Obesity in Children
By Hans Diehl, M.D. www.chiphealth.com
Childhood obesity is rising dramatically in America! Eight million youngsters aged 5 to 11 have serious weight problems, and the number of super-obese children has tripled over the past 25 years.
That’s Hard To Believe. Isn’t Our Culture More Health-Conscious Now? Aren’t Fitness Clubs Booming?
Physical fitness is a trend among adults, but not among children. It’s grownups who are out running, walking, jogging, and joining fitness clubs and aerobic classes. It’s the older people who flock to wellness lectures and examine menus at restaurants for healthier and leaner foods.
But Don’t Schools Have Health Courses, Physical Education, and Sports Activities Warning Against Childhood Obesity?
Yes, but because of budget cuts, overcrowding, and teacher shortages, many schools have had to cut back on these childhood obesity programs in recent years. In some cases they’ve eliminated physical education courses and requirements altogether. Health classes are often unpopular with students, and now relatively few youngsters actually qualify for team positions in school-sponsored sports.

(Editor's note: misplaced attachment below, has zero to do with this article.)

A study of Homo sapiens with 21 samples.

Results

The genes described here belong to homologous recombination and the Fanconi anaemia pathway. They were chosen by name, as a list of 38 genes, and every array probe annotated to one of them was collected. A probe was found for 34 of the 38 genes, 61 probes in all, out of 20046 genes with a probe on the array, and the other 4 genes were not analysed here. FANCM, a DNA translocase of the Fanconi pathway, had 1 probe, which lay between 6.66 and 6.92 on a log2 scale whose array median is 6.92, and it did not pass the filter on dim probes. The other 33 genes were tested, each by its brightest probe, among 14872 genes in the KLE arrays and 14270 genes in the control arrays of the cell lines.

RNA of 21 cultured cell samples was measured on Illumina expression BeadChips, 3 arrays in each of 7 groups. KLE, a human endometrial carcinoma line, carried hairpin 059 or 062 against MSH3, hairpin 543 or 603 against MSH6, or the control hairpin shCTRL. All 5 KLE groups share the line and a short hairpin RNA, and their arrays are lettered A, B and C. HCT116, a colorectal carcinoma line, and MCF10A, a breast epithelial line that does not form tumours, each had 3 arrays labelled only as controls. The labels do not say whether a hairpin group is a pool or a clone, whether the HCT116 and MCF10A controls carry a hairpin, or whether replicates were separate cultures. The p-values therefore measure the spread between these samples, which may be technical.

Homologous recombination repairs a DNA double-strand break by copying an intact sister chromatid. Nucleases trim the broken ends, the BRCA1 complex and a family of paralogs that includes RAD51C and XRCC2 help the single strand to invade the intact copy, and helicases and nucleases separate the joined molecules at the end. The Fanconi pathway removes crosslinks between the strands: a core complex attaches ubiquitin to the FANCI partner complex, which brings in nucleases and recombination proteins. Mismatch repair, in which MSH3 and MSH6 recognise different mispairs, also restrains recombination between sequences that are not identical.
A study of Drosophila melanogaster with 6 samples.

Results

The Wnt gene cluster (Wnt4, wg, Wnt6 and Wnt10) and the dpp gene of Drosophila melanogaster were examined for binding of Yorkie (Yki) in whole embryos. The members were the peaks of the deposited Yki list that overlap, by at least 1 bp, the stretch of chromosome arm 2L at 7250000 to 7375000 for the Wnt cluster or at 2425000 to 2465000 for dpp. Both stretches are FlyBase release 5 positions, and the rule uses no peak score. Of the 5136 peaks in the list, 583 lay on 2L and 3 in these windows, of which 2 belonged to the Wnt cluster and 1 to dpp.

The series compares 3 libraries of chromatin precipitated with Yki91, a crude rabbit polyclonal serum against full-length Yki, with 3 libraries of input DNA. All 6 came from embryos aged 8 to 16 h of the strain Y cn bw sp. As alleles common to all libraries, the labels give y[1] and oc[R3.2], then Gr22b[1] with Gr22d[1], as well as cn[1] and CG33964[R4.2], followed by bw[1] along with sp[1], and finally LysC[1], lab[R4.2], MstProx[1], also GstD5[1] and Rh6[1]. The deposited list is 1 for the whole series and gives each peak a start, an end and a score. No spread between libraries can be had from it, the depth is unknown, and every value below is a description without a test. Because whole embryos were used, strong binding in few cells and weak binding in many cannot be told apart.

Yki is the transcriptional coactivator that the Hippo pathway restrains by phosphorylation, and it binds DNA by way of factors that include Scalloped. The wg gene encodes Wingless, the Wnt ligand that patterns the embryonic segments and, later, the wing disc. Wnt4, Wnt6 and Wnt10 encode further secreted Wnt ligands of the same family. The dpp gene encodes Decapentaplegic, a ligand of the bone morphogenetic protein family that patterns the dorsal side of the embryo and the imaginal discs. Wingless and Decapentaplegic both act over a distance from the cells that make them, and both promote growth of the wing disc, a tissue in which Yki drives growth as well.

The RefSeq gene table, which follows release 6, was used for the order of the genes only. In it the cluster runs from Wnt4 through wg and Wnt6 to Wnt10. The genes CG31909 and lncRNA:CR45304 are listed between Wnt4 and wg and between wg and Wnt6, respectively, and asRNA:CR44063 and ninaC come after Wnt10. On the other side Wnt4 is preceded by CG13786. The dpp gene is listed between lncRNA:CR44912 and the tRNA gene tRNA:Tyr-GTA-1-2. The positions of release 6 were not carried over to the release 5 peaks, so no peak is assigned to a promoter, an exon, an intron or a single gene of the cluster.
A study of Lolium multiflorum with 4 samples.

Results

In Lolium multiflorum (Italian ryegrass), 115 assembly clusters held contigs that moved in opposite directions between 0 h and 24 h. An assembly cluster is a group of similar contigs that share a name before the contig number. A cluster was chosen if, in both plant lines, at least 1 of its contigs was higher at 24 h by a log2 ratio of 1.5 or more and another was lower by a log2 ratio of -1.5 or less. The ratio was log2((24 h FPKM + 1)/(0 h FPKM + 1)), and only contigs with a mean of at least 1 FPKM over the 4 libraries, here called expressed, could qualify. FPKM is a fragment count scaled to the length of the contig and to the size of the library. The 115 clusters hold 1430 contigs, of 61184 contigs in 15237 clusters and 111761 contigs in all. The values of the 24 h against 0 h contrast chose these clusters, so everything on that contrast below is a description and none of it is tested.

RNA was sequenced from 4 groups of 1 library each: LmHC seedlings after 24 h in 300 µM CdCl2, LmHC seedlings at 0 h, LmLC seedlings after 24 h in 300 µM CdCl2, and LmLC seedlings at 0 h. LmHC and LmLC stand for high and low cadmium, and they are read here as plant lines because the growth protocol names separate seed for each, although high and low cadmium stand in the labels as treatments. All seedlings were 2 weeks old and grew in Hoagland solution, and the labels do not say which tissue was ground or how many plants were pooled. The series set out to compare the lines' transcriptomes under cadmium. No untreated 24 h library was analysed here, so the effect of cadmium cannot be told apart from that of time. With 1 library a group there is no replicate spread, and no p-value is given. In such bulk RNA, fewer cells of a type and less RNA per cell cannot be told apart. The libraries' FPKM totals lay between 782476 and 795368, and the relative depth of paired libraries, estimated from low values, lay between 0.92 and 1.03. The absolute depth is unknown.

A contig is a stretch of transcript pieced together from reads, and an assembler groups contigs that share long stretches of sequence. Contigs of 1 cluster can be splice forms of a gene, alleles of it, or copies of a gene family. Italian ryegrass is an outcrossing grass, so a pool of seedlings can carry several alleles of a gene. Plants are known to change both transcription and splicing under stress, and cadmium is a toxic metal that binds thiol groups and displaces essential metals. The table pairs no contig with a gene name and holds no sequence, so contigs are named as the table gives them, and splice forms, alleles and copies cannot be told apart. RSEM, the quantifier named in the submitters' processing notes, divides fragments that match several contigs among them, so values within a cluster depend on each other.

Isn’t Childhood Obesity Mostly Inherited?
Genes do play a role in a person’s weight, but they aren’t the whole answer. Environment plays the critically important role—as shown by the fact that the percentage of obese Americans has increased steadily over the past 25 years. Our gene pool can’t change that fast! That takes 300 plus years!
We now have an environment that supports childhood obesity. Once upon a time children raced home from school to change clothes and go outside to play. They climbed trees, rode bicycles, skated, played games and dribbled basketballs. Today’s children average five to eight hours a day watching television! Our entire culture promotes less physical activity and more eating. No wonder childhood obesity is rampant!
Children Learn What They See!
Adults can have a powerful influence over children through lifestyle and eating habits that they demonstrate. You can help reduce childhood obesity—or at least reduce childhood obesity in the children you influence. Learn more about how to prevent obesity in children and teens.
Pizza - No! Say No to Donuts! Melons and Fruits - Yes!